Councillors and residents say they feel like they were left in the dark over plans to close St Peter's Bridge for three months as Burton comes to a gridlock.
Paul Walker, who represents Shobnall on East Staffordshire Borough Council, was joined by Syed Hussain, Staffordshire County Councillor for Burton, and resident Michael Glass to raise his concerns over the lack of information before the bridge closed.
Councillor Walker says he was not part of any meetings to discuss the diversion routes for drivers and he continues to receive complaints from residents and business owners over the chaos caused by the closure.
The councillor said he was not aware of any plans for the bridge closure prior to the first story in the Burton Mail. In defence of Staffordshire County Council a spokesman said that once the funding had been announced by the Department for Transport, they had to start work almost immediately so had to turn the project around very quickly with no time for local consultation.
The authority was not aware it was a winner of the National Highway Fund Challenge until it was announced last month, although the actual deadline for original submissions was in early 2015 and it has been in the public domain since.
A council spokesman said the campaign to secure the funding to repair the bridge has been a long-standing one in Burton and an announcement on the challenge fund bids had been expected earlier in the year, but was delayed because of the snap general election.
She said that the authority had been working closely with all local county councillors including on programme delivery since the announcement. Other stakeholders including East Staffordshire Borough Council, the NHS, emergency services, the Chamber of Commerce and schools were all informed.
Councillor Walker said: "There are many, many issues with this work. I am the local councillor who has concerns for the local businesses, especially in my ward where there are a lot of taxi drivers who are raising a lot of complaints.
"The first I knew about it was in the Burton Mail. Why was there no meetings with councillors and businesses in Burton over the diversion route? The town has just been gridlocked.
"This affects every single person in the town and we are now coming in to the run-up to the busiest time of year."
The council explained that St Peter's Bridge is an A road so the official diversion has to be via the A roads, although residents are finding their own routes. The traffic order/planning could only be published after the announcement.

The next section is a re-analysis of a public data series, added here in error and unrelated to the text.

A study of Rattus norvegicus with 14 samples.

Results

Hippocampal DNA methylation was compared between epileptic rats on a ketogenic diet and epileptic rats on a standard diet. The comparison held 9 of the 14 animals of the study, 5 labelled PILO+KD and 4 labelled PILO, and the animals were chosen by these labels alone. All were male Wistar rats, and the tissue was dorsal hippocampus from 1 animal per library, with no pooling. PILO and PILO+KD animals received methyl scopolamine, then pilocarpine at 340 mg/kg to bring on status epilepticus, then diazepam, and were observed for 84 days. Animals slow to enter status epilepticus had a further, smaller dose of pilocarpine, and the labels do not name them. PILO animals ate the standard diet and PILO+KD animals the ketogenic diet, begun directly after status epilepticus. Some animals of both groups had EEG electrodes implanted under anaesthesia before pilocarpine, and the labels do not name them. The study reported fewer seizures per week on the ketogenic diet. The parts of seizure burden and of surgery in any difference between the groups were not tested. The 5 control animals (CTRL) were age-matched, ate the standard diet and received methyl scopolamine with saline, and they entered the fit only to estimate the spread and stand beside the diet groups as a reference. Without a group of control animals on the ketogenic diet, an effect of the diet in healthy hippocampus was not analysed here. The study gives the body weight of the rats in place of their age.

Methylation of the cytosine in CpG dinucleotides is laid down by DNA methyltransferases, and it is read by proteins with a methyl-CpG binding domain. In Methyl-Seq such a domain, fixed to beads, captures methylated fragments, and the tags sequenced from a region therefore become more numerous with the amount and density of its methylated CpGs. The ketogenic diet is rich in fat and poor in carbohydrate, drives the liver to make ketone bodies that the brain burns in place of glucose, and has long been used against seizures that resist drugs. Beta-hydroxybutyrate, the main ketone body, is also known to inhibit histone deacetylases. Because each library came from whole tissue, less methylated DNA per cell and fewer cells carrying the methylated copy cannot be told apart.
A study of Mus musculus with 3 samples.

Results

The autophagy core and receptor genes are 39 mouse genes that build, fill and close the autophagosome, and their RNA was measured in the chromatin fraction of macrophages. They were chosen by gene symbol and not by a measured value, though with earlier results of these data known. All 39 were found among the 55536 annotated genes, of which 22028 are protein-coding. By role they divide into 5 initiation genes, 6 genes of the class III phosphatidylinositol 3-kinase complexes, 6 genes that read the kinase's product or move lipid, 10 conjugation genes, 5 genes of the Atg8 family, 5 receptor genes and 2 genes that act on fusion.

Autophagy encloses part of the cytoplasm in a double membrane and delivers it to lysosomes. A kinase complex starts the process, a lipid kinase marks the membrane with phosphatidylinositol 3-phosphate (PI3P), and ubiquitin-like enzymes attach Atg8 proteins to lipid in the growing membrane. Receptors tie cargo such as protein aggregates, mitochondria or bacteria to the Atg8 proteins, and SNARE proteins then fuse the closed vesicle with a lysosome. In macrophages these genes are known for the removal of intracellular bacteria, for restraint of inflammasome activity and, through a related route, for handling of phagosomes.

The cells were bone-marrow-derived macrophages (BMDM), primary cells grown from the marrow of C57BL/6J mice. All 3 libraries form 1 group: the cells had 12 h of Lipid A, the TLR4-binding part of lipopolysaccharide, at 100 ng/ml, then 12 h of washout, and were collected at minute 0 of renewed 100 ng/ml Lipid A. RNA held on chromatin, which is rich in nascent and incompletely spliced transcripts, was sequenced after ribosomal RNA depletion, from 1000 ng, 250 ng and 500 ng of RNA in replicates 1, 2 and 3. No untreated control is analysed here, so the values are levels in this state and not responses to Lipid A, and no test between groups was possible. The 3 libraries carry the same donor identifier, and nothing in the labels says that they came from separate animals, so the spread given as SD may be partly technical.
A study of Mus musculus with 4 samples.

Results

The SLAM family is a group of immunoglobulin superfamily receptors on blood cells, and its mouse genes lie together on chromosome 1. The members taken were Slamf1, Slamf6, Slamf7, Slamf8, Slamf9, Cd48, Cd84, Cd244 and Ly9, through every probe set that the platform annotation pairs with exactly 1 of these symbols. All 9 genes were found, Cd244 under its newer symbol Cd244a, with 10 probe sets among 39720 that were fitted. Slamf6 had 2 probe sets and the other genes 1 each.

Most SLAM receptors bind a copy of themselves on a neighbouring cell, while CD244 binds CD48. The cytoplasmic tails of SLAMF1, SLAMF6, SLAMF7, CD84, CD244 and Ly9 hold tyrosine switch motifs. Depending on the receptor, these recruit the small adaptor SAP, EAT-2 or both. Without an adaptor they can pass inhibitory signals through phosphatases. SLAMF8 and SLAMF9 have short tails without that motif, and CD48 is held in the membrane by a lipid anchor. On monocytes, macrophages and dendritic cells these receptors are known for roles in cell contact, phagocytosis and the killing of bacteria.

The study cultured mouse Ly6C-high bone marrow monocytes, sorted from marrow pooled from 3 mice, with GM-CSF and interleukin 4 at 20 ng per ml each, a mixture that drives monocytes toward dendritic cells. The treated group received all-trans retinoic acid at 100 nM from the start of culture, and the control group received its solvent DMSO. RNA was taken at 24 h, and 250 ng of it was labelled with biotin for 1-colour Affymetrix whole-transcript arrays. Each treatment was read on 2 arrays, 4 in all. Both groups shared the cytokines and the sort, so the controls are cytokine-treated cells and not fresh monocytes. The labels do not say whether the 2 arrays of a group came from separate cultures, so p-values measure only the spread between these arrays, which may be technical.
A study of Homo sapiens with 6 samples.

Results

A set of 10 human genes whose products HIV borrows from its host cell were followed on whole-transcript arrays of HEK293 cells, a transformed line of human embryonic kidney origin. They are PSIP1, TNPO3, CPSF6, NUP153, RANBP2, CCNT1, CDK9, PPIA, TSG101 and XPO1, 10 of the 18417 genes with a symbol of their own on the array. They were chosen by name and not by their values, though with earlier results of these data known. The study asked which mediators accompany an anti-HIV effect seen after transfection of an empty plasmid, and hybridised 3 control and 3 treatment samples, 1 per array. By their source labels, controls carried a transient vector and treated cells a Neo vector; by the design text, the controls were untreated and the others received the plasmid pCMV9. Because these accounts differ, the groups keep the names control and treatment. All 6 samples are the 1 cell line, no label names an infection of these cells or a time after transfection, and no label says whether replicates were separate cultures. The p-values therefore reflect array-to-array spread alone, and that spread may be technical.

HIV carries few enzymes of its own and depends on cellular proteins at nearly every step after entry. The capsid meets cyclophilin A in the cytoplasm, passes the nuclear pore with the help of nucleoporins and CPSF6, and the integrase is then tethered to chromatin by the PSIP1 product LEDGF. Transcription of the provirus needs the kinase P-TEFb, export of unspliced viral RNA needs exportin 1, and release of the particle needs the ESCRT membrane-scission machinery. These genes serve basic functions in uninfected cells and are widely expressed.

The authority said all local councillors had been involved since the announcement and some had previously been involved in lobbying for the funding.
One question raised by resident Mr Glass was about whether the workers should be on the job 24 hours a day, reducing the amount of time the bridge is closed.
He said: "I have calculated that three months of work doing it their way could be done in one month if there are three shifts a day. It would save the environment and pollution from people stuck in traffic as all of that could be shortened."
However, the council spokesman said that the work was being carried out between 7.30am and 10.30pm and at weekends already.
She explained that the work taking place is a complex engineering project and due to a combination of the nature of the works, funding, availability of crews to work round the clock and, crucially, safety, 24-hour work is not feasible.
The spokesman added that all emergency services were statutory consultees and had been made aware of the closure and diversion route.
Mark Deaville, Staffordshire County Council's cabinet member with overall responsibility for the scheme, said: "Although there has been a long-standing campaign locally for this vital work to be carried out, the Government only announced the funding in August.
"Despite this incredibly short notice we have been working hard to ensure this project can be delivered within the timescale required.
"This has included working closely with local county councillors, bus operators, the NHS, emergency services, local councils etc to make sure people know why the scheme is absolutely necessary and what it will involve.
"Without these essential improvements to St Peter's Bridge, lorries and buses would soon be banned and ultimately it would close for good, causing a catastrophic effect on local journeys and the town's long-term economy.
"Although we have done everything we can to minimise disruption, on a scheme of this scale delays, particularly at busy times, are inevitable and I would like to take this opportunity to thank the people of Burton for their patience and understanding as these crucial works are carried out."